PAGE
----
While the Beatles proclaimed that money couldn’t buy me love, this hasn’t stopped anyone trying. Love, or at least a moment of endorphin rush when you make a purchase. So? I really needed that plush rainbow-coloured cat wielding a light sabre.
Money is a complicated subject because not only is it a practical one, in that we don’t need to carry a cow to market to swap for beans, it is an emotional one – much of the world works all their lives to survive, dreaming of a holiday or unfortunately sometimes even a full belly or secure housing. Spending habits are often dictated by your childhood – if you grow up poor do you clutch every cent, or buy status items that prove you will never be poor again? Or a rich childhood – do you value money you never sweated for? Or know the price of eating cake?
It is equally complicated in fiction. Some books can get away with not mentioning coin specifically, but none can avoid the concept of status, so it is worth thinking about how money flows in the book.
Historical fiction needs research to get the coinage terms right, including any slang terms. Then it gets complicated. What does a peasant earn or a serving girl? Is £10,000/year really enough to maintain Pemberley and all the servants? How did inheritance laws affect young women – or indeed young men? What happens when the rich lose it all – Apicius the Roman cookbook writer famously suicided when down to his last one million denari because he could not maintain his status. Little House on the Prairie had Ma spending 10c on candy and excusing her extravagance on their first train journey.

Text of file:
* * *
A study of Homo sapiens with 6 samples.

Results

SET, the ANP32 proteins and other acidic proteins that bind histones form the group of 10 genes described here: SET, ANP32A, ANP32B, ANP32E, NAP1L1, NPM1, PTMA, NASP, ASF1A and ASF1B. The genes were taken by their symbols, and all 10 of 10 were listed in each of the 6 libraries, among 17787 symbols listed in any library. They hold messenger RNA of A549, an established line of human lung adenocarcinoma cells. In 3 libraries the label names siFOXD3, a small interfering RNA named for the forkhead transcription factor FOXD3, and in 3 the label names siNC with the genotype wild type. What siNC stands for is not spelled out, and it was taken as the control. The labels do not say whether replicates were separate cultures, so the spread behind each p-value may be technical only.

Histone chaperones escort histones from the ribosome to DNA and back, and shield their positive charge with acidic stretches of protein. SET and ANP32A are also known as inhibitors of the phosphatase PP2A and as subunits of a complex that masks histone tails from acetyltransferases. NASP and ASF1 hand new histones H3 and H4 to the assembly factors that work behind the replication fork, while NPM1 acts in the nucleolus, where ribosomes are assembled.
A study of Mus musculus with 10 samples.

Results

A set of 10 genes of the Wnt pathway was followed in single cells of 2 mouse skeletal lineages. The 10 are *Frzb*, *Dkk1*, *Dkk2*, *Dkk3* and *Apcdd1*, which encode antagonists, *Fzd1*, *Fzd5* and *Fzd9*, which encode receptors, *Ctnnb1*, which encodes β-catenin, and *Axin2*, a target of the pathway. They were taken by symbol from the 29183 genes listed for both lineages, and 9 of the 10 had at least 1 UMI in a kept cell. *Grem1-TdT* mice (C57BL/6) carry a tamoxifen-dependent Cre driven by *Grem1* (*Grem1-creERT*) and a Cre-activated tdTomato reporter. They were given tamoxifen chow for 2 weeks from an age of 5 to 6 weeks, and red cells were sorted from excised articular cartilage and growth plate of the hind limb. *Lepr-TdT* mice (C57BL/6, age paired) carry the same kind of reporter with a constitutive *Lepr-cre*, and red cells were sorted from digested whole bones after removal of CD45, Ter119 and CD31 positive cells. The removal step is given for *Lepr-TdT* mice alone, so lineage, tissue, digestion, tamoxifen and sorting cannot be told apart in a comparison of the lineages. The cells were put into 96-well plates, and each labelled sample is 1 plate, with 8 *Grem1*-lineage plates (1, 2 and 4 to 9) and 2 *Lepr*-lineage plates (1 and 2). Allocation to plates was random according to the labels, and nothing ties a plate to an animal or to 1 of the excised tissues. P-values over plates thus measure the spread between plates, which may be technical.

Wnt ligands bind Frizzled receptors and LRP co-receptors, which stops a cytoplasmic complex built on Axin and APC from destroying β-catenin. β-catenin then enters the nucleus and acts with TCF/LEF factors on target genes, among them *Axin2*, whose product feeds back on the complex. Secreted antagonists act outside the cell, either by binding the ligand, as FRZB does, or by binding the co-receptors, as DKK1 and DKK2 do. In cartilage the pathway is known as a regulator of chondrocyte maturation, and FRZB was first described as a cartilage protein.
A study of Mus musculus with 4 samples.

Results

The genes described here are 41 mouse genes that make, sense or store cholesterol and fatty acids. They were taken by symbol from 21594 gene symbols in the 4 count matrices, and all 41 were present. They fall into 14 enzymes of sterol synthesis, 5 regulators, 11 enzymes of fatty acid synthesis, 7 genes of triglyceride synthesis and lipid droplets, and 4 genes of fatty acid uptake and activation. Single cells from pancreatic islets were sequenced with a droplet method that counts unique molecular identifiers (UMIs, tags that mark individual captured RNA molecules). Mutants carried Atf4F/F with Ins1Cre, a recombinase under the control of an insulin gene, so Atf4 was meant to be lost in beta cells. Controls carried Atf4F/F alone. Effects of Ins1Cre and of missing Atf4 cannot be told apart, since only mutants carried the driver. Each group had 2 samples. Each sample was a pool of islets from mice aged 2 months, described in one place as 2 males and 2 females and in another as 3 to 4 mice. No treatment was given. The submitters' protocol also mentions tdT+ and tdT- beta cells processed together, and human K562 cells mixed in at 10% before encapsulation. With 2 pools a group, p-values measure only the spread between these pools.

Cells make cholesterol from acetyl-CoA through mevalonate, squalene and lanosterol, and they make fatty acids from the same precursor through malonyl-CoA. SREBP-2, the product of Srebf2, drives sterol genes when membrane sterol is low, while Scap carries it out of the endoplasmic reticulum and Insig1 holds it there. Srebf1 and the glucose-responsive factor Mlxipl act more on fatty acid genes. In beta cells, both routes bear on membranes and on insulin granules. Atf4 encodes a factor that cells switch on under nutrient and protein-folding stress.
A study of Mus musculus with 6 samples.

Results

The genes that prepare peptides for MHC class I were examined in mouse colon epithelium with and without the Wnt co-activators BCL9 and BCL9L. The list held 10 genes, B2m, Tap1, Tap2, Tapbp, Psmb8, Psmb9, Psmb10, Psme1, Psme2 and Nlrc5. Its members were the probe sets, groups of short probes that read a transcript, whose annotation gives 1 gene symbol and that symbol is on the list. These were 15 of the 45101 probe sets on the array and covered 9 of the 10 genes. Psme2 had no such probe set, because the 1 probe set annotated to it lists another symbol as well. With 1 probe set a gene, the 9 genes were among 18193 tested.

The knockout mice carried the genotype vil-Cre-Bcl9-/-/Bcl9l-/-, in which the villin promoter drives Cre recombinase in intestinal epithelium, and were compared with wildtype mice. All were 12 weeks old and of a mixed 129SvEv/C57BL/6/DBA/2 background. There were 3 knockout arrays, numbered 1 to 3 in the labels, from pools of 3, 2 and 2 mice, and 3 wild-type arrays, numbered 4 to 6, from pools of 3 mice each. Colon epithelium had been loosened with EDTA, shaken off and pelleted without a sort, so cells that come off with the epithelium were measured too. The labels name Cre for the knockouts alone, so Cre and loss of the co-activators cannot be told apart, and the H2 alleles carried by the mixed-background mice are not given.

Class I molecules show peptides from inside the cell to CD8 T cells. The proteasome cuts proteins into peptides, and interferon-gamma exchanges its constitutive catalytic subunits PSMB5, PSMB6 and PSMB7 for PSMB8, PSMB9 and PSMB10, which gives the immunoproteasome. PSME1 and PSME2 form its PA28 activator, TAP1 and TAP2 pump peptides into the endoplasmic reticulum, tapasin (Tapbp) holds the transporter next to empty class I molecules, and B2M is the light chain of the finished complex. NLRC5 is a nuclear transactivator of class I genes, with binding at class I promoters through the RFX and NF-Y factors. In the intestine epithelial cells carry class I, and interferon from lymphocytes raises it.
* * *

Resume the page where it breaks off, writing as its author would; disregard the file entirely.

Fantasy perhaps has an easier time. Authors can use the term coin, and maybe differentiate gold/silver or copper and be done with it. Yet the pursuit of coin can move the plot along nicely. Conan as an impoverished youth turns to theft, and the coin he steals ends up spent in taverns for further adventures. Or does the lone venturer take employment as a mercenary? Or is the kingdom bewitched by the hoarding of gold – dwarves are traditionally slightly obsessed with it. How much easier is it to survive in a fantasy world with money?
Romance is an interesting one. There are so many billionaire romances that the concept of power is certainly involved. Money, a powerful position, and expensive clothes make for a pheromone charged allure for some. Of course, there is the ease factor – its harder to romance someone when you can only take them to a cheap restaurant instead of a trip to the Bahamas on your jet. However, its still a vastly unequal exchange, and while it sounds pleasant enough, the inequality will linger in the long term. What will the billionaire want for the gift of jewels? Is the heroine willing to pay the price?
Science fiction is an area that while you are inventing the financial system if you want too, it is quite often secondary to the action or characters. Fair enough. A system of universal credits, or a Star Trek where people work for the good of society is certainly possible. What would be the universal standard exchange? A bar of latinum equals what? Whatever the Ferengi will trade for it? Or merchant ships visiting new planets- Andre Norton did very well on this with a well thought out and described barter system and the worth of items discussed in many of her trader novels. But the lust for wealth that drives people now – will it survive into the future?
So a practical item that you can carry in a pocket or card can represent human emotions and drive whatever the setting. It must have been really difficult to explain the concept of money at first – how does the same few coins equal items as diverse as a cow, a sword, or a night of negotiable affection? But it certainly took off and became the driving force of most societies.